Today the Design Indaba Milan 2011 team, Ruairi Abrahams and myself, did another cross-city “amazing marathon”. We started off bright and early at 9am in Ventura Lambrate just to discover that the shutters only roll open at 10am. First up was an interview with Tord Boontje, head of the Design Products department at the Royal College of Arts, after which we headed across the road to hear about how Miriam van der Lubbe and Niels van Eijk evolved their designs for the Muziekgebouw Eindhoven into a product range.
In between we air-kissed Jurgen Bey and Yves Behar, before dashing across town to the Spazio Rosanna Orlandi to meet the lovely, if somewhat shy, ladies from Front - Sofia Lagerkvist, Charlotte von der Lancken and Anna Lindgren – to hear about their Story Vases project with South Africa’s own Siyazama Project. The Rosanna Orlandi Gallery is a wonderful haven of alternative creativity. A labyrinth of interlocking exhibitions left us quite lost and agape, while the gorgeous gift shop left us drooling. A jovial courtyard with open-air kitchen played heart to this engaging space. We also bumped into Maarten Baas, Christien Miendertsma and Jasper Morrison there.
Then it was a quick gallop halfway back across town to the Spazio Gianfranco Ferre, to talk to Li Edelkoort about her Talking Textiles exhibition. A two-part exhibition, with students in Ventura Lambrate and professionals at Gianfranco Ferre, “textiles” in this context goes well beyond the two-dimensional, also including rugs, curtains, lighting, accessories and furniture.
Edelkoort told us that the project actually started as a personal concern for the fact that textiles are becoming extinct, and that more and more textile design departments at schools were closing. As such, the Talking Textiles exhibition was initially just an exhibition of student work, the one that is now on show at Ventura Lambrate.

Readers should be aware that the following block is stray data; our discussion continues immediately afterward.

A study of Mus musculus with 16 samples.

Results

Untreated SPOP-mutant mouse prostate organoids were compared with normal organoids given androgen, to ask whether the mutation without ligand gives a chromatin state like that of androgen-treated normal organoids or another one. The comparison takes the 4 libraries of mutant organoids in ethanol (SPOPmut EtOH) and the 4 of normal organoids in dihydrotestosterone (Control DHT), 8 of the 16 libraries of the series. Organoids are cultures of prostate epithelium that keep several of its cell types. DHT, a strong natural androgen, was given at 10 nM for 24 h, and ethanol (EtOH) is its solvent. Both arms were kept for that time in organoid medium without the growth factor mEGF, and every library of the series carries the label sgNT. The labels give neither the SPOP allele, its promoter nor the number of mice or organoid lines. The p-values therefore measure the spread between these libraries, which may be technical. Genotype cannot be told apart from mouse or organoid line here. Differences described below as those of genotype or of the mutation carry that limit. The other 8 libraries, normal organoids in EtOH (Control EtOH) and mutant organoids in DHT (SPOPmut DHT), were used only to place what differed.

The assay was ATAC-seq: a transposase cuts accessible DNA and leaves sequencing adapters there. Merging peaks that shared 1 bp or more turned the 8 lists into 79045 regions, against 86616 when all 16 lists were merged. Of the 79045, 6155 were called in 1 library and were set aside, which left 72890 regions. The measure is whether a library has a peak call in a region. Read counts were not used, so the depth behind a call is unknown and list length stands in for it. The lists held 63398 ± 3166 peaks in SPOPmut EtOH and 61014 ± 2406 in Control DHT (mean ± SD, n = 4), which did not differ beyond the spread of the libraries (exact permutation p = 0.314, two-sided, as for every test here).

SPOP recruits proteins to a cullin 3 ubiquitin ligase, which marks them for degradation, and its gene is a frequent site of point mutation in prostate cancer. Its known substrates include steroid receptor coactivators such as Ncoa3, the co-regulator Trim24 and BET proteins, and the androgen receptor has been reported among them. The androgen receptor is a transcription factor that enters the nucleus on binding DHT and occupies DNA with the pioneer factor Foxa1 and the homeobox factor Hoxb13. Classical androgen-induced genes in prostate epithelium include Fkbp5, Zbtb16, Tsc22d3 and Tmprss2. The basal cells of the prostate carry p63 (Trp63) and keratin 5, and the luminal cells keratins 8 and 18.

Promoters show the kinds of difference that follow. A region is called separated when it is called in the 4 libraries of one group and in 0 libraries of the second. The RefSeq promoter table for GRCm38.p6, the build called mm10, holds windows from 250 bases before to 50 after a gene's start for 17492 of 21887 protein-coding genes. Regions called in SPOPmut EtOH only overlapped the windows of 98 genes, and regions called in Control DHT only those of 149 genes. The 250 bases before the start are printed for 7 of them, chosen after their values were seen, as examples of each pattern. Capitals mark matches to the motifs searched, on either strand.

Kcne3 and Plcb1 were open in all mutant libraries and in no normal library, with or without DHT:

I’m increasingly coming to think that the really exciting work at Milan 2011 is being done by the students. Elaine Ng Yan Ling, for example, has used “incorporated memory shape alloys and polymers into botanic motifs that mimic the movements in nature when reacting to electromagnetic energy” – translated into English she has made a layered textile that moves and responds to various external factors, creating a magical animated effect. Ng Yan Ling is a student of the innovative textile Masters programme at Central St Martins, of which I wrote yesterday.
Other personal favourites include Collette Patterson’s latex-wool fusion of flexible organic shapes; Ella Robinson’s embroidered driftwood; Nigerian-British designer Banke Kuku’s collection of optical weaves; and Lynn Tandler’s malleable blacksmith-inspired weaves incorporating copper and tin.
Of course a special shout-out must go to South Africa’s very own Laduma Ngxokolo, whose Xhosa-inspired sweaters were also on show. Another proudly South African shout-out goes to Ardmore Design whose Qalakabusha Couch is included in the professional exhibition. Both the couch and the sweaters were first spotted by Edelkoort at the 2011 Design Indaba Expo 2011, where they were Most Beautiful Object in South Africa finalists.
The professional exhibition is less experimental and abstract, comprising tangible commercial objects. Of course, that’s not to say that they’re not absolutely gorgeous and desirable. The catalogue is studded with star designers including Baas, The Campanas, Nacho Carbonell, Studio Job, Hella Jongerius, David Lynch, Miendertsma, Inga Sempé, Paul Smith and others.
Edelkoort also explained to us that since leaving Eindhoven in 2008 that she has found herself doing more and more exhibitions, for which she has now established Edelkoort Exhibitions with Philip Fimmano. She sees these exhibitions as “three-dimensional trend forecasts”. As such, she explains Talking Textiles as a “reaction to the increasingly digital landscape of our lives”, resulting in “a craving for tactility and dimensions that has led several designers to reconsider the role of fabrics once more”.
The future, she says, “will see the overwhelming revival of textiles in our interiors, covering floors, walls and furniture in an expansive and personal manner. These textiles will speak loud and clear, and become the fabrics of life, narrating stories, designing patterns, promoting well-being and reviving the act of creative weaving.”
Finally I dragged the last bit of energy out of my aching feet to get to the Zaha Hadid lecture at the Politecnico Milano, only to find that not only was it too packed for a church mouse, but delivered by her associate Patrick Schumacher in Italian! The surprise end-of-day rain was a godsend.